Charlie, a poet, hasn't had much luck with women, but then he meets Harriet, the girl of his dreams.. or is it his nightmares. Charlie begins to suspect that Harriet is Ms X, a woman who marries then kills her husbands. Written by
The first customer in the butcher shop is shown being handed her purchased material, then leaving the shop. In the montage that follows this scene, she is again shown when Charlie says "Mom, help! It was an accident in shop." See more »
Excuse me, miss? There seems to be a mistake. I believe I ordered the *large* cappuccino. *Hello!* Look at the size of this thing.
It's practically a bowl.
It's like Campbell's Cup-O'-ccino!
[laughing at his Campbell's joke and wiping his tears]
Oh, My sides. Please. Aidez-moi.
Sometimes, a piece of art takes time and multiple exposures for its audience to fully appreciate its quality. This is definitely the case with this film. For me, a film should show me new characters or new settings or give me a new way of looking at a recognizable situation. So often films just give their audience the same tired stereotypical content; Characters that differ in name only from other films and plot lines that so closely follow previous successful productions that I'm surprised there aren't more lawsuits between artists. Such is not the case with "So I Married an Axe Murderer". With the tiny exception of the girlfriend of the chief supporting character, every role can accurately be described as unique. A butcher shop owner/operator (Nancy Travis) for a leading lady that may be wielding her cleaver in the off hours plus her curiously flighty sister (Amanda Plummer). A suburban San Francisco family of intensely Scottish decent that includes the youngest son with an enormous head and a Mother (Brenda Fricker) who has no qualms about French kissing her eldest son's best friend just to assure herself he's good at it. There's a light aircraft charter pilot (Steven Wright) that probably shouldn't have been awarded a license and a slightly embittered, slightly maniacal former Alcatraz guard/now tour guide (Phil Hartman) who makes me laugh just to look at him on screen. There's an undercover cop best friend (Anthony LaPaglia) that wanted to be Starsky or Hutch but instead learns the job really entails filling out a lot of forms and his boss (Alan Arkin) who, if it wasn't for Mike Myer's performance, would have stolen the movie with his portrayal of a Police Chief that can only be described as the antithesis of that character that we've seen so many times in films and TV.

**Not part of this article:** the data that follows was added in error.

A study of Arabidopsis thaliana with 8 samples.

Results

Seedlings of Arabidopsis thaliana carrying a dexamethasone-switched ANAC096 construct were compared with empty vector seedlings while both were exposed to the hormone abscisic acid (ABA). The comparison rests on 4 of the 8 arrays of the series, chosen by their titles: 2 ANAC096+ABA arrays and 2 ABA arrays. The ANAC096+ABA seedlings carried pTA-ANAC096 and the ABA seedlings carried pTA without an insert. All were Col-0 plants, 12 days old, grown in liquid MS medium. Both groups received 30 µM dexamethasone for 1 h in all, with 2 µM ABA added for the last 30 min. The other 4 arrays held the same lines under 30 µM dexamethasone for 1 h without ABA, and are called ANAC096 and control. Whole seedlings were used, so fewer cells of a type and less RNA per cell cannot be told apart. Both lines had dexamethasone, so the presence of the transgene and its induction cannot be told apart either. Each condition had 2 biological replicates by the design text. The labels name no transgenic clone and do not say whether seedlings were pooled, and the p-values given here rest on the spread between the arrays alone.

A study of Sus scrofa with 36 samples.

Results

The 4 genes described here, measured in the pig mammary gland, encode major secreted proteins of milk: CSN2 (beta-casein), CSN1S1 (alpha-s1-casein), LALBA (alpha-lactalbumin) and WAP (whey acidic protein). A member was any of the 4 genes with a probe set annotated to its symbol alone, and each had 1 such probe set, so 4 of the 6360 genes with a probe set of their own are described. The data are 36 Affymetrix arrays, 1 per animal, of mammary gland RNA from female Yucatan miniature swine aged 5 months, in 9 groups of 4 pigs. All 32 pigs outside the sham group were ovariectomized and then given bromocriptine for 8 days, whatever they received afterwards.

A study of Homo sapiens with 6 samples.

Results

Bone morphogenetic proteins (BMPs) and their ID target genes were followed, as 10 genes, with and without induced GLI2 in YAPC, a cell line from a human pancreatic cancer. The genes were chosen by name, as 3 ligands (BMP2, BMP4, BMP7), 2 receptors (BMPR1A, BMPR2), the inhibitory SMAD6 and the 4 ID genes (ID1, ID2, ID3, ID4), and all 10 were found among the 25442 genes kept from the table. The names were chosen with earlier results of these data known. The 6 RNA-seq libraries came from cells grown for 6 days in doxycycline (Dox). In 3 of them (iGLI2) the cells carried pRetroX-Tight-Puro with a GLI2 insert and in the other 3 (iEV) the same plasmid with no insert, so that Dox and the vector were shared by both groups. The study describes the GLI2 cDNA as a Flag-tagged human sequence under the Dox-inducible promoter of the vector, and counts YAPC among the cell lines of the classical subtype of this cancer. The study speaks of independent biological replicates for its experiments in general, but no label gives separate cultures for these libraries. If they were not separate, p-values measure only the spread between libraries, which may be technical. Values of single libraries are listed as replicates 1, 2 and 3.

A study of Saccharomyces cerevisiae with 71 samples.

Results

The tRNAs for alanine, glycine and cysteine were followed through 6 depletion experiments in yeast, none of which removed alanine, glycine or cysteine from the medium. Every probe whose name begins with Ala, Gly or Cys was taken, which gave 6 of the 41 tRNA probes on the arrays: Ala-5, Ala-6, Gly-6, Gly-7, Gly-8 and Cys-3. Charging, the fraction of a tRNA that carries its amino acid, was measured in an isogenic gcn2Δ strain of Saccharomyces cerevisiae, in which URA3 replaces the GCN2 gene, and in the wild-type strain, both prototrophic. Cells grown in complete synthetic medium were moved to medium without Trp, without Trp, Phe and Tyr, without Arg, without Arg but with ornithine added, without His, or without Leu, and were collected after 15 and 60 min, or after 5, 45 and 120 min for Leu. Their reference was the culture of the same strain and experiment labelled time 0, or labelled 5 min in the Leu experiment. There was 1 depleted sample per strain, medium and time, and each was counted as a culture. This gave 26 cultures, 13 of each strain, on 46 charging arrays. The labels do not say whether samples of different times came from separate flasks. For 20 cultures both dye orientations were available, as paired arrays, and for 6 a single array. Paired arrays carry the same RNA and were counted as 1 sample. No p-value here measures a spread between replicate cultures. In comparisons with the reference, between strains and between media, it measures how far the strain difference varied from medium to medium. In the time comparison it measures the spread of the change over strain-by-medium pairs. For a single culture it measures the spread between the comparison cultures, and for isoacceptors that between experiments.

About Mike Myers: Intensely likable. Free and easy on film at a young age he creates two wonderful characters that make us laugh hard throughout. As the lead Charlie McKenzie and as his father Stuart, Myers keeps the film moving with his paranoid yet irresistible charm from Charlie and his Robin Williamsesque quips that flow from his two characters accomplishing the most difficult task for such a performance; namely, entertain without distracting from the story.
I've added this film to my "Favorites" list and recommend it highly. If you liked "You Can't Take it With You" you'll love this more contemporary yet equally quirky film of love and family.